To Save Afghanistan, Look to Its Past

No matter who is ultimately certified as the winner of Afghanistan’s presidential election, the vote was plagued by so much fraud and violence, and had such low turnout, that it is inconceivable the Afghan people will regard the victor as a legitimate leader. And if a majority of Afghans do not consider the president and his government to be legitimate, the military campaign now being waged by the United States and its allies is doomed to fail, regardless of the number of troops deployed.

Current discussions about cobbling together mistrustful factions into a new power-sharing government will produce neither enduring democracy nor short-term peace. The slate must be wiped clean. Afghans need to start again from scratch and choose their leader by a fresh process that restores legitimacy to the national government.

Fortunately, such a process already exists — one that is both highly respected by the Afghan people and recognized in the Afghan Constitution: the convening of an emergency loya jirga, or grand assembly. The loya jirga has been called in times of national crisis in Afghanistan for centuries. In 1747, such an assembly in Kandahar selected Ahmad Shah Durrani as the first king of Afghanistan, uniting a patchwork of contentious tribal entities into the modern Afghan state. The loya jirga, moreover, is not only deeply rooted in Pashtun tradition, but is also consistent with notions of Western representative democracy.

Afghan society remains predominantly illiterate, agrarian and tribal. Indeed, the last king of Afghanistan, Mohammad Zahir Shah, often referred to himself as the “chief of all tribes.” Local disputes are routinely resolved by tribal elders seated on the ground in a circle, a gathering known as a jirga (or a shura in non-Pashtun regions). A loya jirga is, essentially, the same process on a much grander scale: an immense assembly of esteemed tribal leaders designated to debate issues of utmost national importance. Unlike presidential elections, which strike most Afghans as alien and fundamentally suspect, jirgas of all sizes are trusted and utterly familiar institutions.

According to the Constitution (which was itself ratified by a loya jirga in 2004), such a council can be convened “to decide on issues related to independence, national sovereignty, territorial integrity as well as supreme national interests.” Doing so does not depend on the support of any particular individual or group, including the president. While historically it was the king who most often initiated the process, the House of People, one of the two houses of Parliament, can directly convene a loya jirga at any time.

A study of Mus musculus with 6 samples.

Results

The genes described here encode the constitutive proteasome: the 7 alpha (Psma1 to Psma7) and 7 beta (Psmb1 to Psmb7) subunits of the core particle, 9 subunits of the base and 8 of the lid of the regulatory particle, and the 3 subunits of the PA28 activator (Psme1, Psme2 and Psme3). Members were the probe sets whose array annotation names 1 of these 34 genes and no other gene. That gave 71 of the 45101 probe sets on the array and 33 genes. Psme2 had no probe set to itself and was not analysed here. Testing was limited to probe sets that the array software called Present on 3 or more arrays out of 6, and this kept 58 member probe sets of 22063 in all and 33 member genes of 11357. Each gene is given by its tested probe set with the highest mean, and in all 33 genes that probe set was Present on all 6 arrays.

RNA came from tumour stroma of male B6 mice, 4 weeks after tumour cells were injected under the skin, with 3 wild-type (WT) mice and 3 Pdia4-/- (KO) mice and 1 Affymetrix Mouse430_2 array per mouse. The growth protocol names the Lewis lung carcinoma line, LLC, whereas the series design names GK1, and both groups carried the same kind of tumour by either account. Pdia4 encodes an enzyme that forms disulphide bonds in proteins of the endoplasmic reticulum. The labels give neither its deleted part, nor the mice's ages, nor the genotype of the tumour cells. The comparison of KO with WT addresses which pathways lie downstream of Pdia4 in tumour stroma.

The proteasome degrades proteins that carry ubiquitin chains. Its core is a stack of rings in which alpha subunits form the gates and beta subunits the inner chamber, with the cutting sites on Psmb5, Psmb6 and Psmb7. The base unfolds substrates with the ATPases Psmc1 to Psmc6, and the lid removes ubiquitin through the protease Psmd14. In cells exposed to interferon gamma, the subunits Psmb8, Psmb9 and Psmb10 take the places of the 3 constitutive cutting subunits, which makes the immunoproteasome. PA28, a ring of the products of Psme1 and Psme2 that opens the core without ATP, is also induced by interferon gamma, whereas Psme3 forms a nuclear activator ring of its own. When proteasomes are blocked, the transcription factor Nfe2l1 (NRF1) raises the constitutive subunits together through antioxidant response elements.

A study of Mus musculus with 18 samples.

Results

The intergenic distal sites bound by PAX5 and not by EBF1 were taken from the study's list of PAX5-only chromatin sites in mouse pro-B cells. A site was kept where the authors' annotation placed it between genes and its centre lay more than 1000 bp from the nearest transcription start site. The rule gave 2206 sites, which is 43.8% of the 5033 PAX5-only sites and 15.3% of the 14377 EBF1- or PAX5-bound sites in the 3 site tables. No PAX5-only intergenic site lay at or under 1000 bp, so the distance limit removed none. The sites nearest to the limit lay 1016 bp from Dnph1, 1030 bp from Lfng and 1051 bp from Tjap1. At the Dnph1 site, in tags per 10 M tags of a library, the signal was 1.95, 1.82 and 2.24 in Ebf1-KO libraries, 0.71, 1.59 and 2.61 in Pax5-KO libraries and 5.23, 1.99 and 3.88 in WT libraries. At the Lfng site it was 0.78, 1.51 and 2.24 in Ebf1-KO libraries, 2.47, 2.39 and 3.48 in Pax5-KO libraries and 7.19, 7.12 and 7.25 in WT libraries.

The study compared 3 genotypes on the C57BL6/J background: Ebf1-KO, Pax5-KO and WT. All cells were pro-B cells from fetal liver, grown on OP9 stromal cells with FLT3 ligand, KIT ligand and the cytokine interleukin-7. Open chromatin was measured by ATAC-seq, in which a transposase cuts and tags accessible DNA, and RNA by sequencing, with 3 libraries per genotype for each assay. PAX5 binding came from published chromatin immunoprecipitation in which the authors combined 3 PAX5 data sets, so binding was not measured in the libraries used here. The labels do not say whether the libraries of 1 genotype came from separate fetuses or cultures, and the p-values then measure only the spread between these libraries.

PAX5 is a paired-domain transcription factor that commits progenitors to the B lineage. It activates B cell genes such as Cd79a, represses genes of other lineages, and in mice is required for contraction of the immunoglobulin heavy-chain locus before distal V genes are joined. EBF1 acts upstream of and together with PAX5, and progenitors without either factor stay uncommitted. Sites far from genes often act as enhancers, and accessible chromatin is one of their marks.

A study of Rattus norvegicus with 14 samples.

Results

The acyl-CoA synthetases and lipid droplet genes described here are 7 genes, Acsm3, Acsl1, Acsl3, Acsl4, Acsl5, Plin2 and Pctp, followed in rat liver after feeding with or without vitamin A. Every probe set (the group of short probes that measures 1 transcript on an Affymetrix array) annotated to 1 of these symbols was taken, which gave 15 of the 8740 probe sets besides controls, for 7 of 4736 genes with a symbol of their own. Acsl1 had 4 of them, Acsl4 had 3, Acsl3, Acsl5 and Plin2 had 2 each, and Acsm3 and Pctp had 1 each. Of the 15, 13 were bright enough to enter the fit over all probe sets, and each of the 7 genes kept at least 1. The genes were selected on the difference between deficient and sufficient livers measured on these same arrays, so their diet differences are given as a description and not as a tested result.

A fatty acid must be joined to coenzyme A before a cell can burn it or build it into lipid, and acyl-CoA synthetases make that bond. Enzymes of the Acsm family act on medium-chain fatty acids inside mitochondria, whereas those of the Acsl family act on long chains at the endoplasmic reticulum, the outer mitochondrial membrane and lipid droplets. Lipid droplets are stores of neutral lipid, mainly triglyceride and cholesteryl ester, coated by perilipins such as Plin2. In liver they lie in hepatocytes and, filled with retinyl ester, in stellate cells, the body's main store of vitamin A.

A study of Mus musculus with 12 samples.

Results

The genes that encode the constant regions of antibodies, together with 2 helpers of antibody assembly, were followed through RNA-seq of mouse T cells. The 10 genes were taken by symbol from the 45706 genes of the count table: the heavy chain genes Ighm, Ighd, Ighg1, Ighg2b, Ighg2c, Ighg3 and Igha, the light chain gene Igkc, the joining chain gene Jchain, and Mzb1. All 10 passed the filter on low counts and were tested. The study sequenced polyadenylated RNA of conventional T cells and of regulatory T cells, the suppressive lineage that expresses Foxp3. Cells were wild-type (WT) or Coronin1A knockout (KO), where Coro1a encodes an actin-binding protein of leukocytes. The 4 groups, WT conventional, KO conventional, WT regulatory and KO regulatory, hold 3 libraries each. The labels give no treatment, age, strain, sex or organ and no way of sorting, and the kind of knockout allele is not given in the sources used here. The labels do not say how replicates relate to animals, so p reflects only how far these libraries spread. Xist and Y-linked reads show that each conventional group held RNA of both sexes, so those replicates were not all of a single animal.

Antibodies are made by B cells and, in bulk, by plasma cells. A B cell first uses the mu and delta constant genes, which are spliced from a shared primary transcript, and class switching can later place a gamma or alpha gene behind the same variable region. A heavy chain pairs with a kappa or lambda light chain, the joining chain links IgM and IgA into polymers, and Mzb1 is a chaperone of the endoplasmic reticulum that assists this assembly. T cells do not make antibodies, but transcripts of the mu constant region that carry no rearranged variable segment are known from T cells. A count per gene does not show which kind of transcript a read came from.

The Constitution further states that neither the president nor his ministers nor members of the Supreme Court have voting rights in a loya jirga; those are reserved for members of both houses of the Parliament and the provincial and district leaders. While in session, it trumps all other bodies of government. As the Afghan Constitution unambiguously declares: “The loya jirga is the highest manifestation of the will of the people of Afghanistan.”

Afghanistan faces a number of crises, any one of which would alone justify convening a loya jirga as soon as possible. But the most compelling reason for doing so is to have Afghans from disparate tribes, regions and ethnicities come together, outside the acting government, to select a president who will be considered legitimate by the people. No other process — not a presidential decree, a special commission, a court ruling, an elections committee, an act of Parliament or an internationally sponsored conference — could accomplish this.

Certainly, a loya jirga is no panacea. The emphasis on achieving consensus can cause discussions to drag on interminably. The process may not be immune from political intimidation or even violence. During the loya jirga that considered the Constitution, ethnic factions argued so vehemently that some Westerners feared the nation would splinter. In the end, however, such worries proved groundless. The Constitution was ratified. The loya jirga worked.

The debacle of last month’s election underscores a basic flaw in the efforts by the United States and other Western nations to solve Afghanistan’s problems: the country is simply not ready for direct presidential elections or a presidential system of government transplanted from a Western model of democracy.

A political structure like India’s, with a prime minister, would be a much better fit. And the proper mechanism for converting the Afghan government along these or any other lines is the loya jirga, rather than ad hoc political appointments (like anointing a chief executive to serve under the president), as some have suggested.

Because it is a unifying, time-honored and uniquely Afghan mechanism, a loya jirga offers the best hope for hitting the reset button and rapidly transforming Afghanistan’s political landscape. This would give the Afghan people a badly needed dose of optimism about the future of their beautiful, ravaged country.

Ansar Rahel, a lawyer, advised King Mohammad Zahir Shah’s loya jirga committee and Jon Krakauer, the author of Into Thin Air and the forthcoming Where Men Win Glory: The Odyssey of Pat Tillman.